Mammals large and small share space with wasps, flowers and shorebirds

Posted: Sunday, July 02, 2006

The Granite Creek Trail takes off roughly 1.5 miles up the Perseverance Trail, side-hilling along the ridges above the creek. A new switchback now bypasses a stretch of slippery bedrock.


The first section of the trail runs through dense stands of salmonberry and alder. Summer hikers often see one or two globular nests of paper wasps suspended from alder branches. These wasps are not particularly aggressive unless they are molested, but the sting is quite zesty. The papery nest, built of chewed-up wood and foliage, is begun by a queen that overwintered alone. She raises a first brood of workers (sterile females), which do all the work of raising subsequent broods, feeding the larvae mostly on insects.

Sometimes a black bear is seen across the creek, grazing in the small meadows or loafing on a boulder in the sun. Mountain goats often amble along the upper Juneau Ridge, nimbly negotiating the cliffs and nibbling the alpine vegetation. Most of the goats I've seen here have been groups of nannies with their kids, but occasionally there is a less gregarious billy resting on a ledge or working his way up a gully in solitary splendor.

The trail gets steeper as it approaches the narrow entry to the basin. The creek tumbles out of the basin in a long cascade. American dippers often forage here and carry aquatic insects to their nest below the cascade. The pond behind the cascade is a good place to see spotted sandpipers bobbing along the edges on the gravel bars.

"Spotties" are among the unusual shorebirds in which females mates with more than one male, laying eggs for the first male, leaving him to incubate them, and moving on to a second male and laying eggs for him to incubate. In some regions, experienced females may have three or four mates in succession, but I doubt that our summer is long enough for that. The four eggs are deposited in a shallow scrape above the shoreline, protected chiefly by their inconspicuousness. If you are wondering why shorebirds are called shorebirds, it's because they spent winters on lake and ocean shores south of us, and the people Down South who invent bird names see them there. But in summer, the so-called shorebirds nest all over the Arctic and alpine tundras and muskegs, and a few even get into forested areas.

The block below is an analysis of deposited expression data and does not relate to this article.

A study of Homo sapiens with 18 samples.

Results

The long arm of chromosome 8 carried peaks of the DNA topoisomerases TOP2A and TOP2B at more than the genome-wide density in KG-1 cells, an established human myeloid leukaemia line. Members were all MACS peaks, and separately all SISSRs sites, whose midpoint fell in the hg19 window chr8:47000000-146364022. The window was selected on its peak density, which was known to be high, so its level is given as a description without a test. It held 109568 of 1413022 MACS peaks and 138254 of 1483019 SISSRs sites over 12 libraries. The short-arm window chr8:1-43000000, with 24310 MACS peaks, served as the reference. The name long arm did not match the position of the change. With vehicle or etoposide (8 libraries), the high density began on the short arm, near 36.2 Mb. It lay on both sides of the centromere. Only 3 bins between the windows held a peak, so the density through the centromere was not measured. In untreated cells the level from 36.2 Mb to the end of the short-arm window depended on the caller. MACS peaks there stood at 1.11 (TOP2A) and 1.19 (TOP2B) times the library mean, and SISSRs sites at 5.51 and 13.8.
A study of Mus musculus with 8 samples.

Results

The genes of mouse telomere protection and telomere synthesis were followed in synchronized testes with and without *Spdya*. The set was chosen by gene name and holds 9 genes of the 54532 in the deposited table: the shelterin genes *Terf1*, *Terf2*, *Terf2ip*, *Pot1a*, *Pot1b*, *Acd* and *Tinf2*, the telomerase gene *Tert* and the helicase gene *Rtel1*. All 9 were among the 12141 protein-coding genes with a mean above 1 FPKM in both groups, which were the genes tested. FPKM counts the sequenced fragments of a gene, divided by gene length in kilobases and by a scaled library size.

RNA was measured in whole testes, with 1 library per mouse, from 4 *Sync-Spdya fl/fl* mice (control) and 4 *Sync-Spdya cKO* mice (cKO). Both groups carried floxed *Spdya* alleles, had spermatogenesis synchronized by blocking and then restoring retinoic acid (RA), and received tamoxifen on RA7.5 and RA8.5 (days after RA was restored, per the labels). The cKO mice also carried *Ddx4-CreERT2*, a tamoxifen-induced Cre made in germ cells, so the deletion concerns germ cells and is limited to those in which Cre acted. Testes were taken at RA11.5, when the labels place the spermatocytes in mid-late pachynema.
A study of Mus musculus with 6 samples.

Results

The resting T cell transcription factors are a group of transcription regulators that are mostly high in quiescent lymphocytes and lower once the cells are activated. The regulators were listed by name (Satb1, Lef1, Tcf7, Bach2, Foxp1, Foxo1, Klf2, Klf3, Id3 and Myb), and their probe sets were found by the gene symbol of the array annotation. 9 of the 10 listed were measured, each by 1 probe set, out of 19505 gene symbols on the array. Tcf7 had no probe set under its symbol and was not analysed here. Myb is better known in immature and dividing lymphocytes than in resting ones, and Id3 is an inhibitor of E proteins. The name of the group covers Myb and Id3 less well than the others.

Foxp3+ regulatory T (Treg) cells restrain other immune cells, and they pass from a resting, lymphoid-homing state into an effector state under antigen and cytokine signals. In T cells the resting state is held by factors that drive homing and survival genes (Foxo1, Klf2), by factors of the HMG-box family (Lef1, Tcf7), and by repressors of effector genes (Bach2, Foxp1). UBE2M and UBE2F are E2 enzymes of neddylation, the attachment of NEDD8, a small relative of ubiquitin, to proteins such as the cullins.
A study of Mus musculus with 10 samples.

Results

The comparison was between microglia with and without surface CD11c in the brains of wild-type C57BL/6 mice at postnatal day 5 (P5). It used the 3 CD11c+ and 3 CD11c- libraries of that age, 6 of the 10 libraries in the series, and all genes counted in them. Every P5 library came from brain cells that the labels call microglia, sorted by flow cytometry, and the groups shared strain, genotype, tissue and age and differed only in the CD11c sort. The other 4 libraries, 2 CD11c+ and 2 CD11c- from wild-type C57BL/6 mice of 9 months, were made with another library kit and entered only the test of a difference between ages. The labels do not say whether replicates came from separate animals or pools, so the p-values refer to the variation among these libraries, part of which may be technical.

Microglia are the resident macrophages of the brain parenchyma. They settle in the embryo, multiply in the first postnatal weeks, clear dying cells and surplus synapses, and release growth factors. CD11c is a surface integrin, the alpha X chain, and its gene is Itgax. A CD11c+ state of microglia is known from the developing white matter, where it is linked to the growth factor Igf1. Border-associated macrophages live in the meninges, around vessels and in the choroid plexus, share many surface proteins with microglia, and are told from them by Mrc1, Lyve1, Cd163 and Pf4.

The creek meanders across the basin, passing clumps of the small fireweed known as river beauty and scattered other flowers. The talus slopes around the basin are home to hoary marmots, which often whistle in warning as hikers and especially dogs go up the trail. Uncontrolled dogs are a real threat to marmots - I once found a very fresh carcass of a female marmot with its throat torn out, lying in the middle of a trail just after a couple of large and rambunctious dogs had passed by. Marmots are active only in summer, spending the rest of the year hibernating in their burrows.

At the back of the basin lies a series of ascending benches. Alpine blueberries grow densely on the benches, offering rich pickings for ptarmigan and marmots, as well as humans. Bears visit these berry patches too, and the signs of their fruit selection can be seen in their bluish scats dotted with tiny reddish seeds. Alpine blueberries seem to be less infested with the moth and fly larvae that sometimes plague the taller lowland species. An upper bench holds a small lake.

From here, one might climb to Mount Olds or route-find up the Juneau Ridge. Most folks, however, prefer to hike the ridge by starting at Mount Juneau and coming down the ridge into Granite Basin and out via the Perseverance trail. This is a great loop route, but the usual use of the Granite Creek Trail means going out the same way one came in. This isn't a sorry fate because things look different going the other way.

• Mary Willson is a retired ecology professor and a Trail Mix board member.